December 6, 1990 |
More Maxi-Musical Casting: Gary Morris, a sometime country singer who played Jean Valjean in "Les Miserables" on Broadway in 1987-88 and sang the role on "The Complete Symphonic Recording" of the show, will play the famous fugitive at the Pantages Theatre in Hollywood, opening Jan. 13.
May 17, 1998 |
This political figure is top dog in his adopted hometown, where he shares his home if not his bed with a woman of questionable reputation who is publicly vilified for her scandalous past. Tall and handsome, he owes his massive bulk to a fondness for bread products. His up-from-hardscrabble background has caused his enemies to imply that he is illiterate. But his personal warmth and empathy make him greatly beloved by most of his constituents.
January 14, 2013 |
"Les Misérables" won the Golden Globe for best musical or comedy film on Sunday, adding to the movie's already considerable awards momentum. The movie adaptation of the honored stage musical also picked up awards for actors Hugh Jackman and Anne Hathaway. But "Les Misérables" failed to win in the category of original song. "Suddenly," penned by the original musical's songwriters, lost to "Skyfall," written by British pop singer Adele and Paul Epworth for the latest James Bond movie. The new song for "Les Misérables" was written by Alain Boublil, Claude-Michael Schönberg and Herbert Kretzmer.
January 10, 2013 |
It's been a good week for "Les Miserables," which was nominated this morning for the Academy Award for best picture. Its songs are more than 25 years old, but that isn't stopping the movie's fans from rushing out to buy (and presumably download) the soundtrack album to the new movie version of the beloved stage musical. Featuring 20 tracks, including the new song "Suddenly" written for the movie by original songwriters Alain Boublil and Claude-Michel Schönberg, "Les Miserables" reached the No. 1 spot on the Billboard 200 chart this week with 92,000 copies sold, according to Nielsen SoundScan.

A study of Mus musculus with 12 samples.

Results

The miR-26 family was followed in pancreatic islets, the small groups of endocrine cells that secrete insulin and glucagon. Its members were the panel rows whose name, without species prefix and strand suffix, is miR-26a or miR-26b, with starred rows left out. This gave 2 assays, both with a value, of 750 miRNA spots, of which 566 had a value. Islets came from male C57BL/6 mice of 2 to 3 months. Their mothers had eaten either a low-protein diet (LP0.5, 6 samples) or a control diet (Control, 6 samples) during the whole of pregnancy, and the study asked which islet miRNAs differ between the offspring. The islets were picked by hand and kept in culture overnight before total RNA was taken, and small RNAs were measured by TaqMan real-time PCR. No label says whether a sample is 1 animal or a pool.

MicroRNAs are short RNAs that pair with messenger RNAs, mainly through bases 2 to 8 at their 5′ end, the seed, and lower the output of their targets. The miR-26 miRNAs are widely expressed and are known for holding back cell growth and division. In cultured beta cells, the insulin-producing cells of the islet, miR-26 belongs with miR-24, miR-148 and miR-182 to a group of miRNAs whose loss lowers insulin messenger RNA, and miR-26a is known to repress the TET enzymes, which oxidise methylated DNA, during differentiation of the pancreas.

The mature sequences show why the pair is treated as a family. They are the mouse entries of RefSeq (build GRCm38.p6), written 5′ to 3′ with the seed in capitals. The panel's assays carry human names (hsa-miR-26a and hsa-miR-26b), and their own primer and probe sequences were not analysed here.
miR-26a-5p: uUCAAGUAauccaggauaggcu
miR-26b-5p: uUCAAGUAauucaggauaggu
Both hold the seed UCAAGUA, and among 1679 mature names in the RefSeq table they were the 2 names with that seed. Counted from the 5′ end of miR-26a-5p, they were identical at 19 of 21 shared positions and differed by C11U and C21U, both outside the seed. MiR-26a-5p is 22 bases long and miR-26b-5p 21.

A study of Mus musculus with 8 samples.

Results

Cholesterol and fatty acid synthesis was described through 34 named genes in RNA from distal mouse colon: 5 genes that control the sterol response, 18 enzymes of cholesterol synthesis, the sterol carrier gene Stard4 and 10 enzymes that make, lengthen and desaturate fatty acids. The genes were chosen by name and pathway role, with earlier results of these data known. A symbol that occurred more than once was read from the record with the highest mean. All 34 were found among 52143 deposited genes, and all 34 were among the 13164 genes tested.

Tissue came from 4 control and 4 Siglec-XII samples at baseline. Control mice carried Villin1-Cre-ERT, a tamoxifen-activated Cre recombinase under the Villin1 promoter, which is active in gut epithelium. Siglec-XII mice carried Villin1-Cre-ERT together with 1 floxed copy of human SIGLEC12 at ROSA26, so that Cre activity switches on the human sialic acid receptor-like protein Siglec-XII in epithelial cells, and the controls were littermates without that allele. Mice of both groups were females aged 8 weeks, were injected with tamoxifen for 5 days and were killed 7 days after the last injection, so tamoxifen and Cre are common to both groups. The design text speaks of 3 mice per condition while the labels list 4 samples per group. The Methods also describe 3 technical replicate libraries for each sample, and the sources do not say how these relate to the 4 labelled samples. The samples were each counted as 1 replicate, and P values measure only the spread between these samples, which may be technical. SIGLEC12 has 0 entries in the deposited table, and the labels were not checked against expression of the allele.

December 27, 2012 |
To make the part of Jean Valjean work in the new big-screen adaptation of the Broadway musical "Les Misérables," there's nothing Hugh Jackman wouldn't do. Including singing in the gym. "If you're an actor, you sign up to make a fool of yourself, and that's what happened," Jackman recalls, outlining the bench-pressing part of his extensive training for the role. Jackman knew Valjean was a physical animal - he'd mixed starvation with hard labor as a French prisoner for 19 years - and the actor wanted to truly look the part.
December 24, 2012 |
The people who put "Les Misérables" on screen dreamed a mighty dream, they really did. They dreamed of filming one of the most popular of modern theatrical musicals - 60 million tickets sold in 42 countries and 21 languages since its 1980 Paris debut - in a way that had not been done before, enhancing the emotion of what was already a hugely emotional piece. And, despite some built-in obstacles, they succeeded to a surprising extent. The biggest obstacle to their success, paradoxically, was the show itself, a whopper of a tale wrestled from Victor Hugo's massive novel.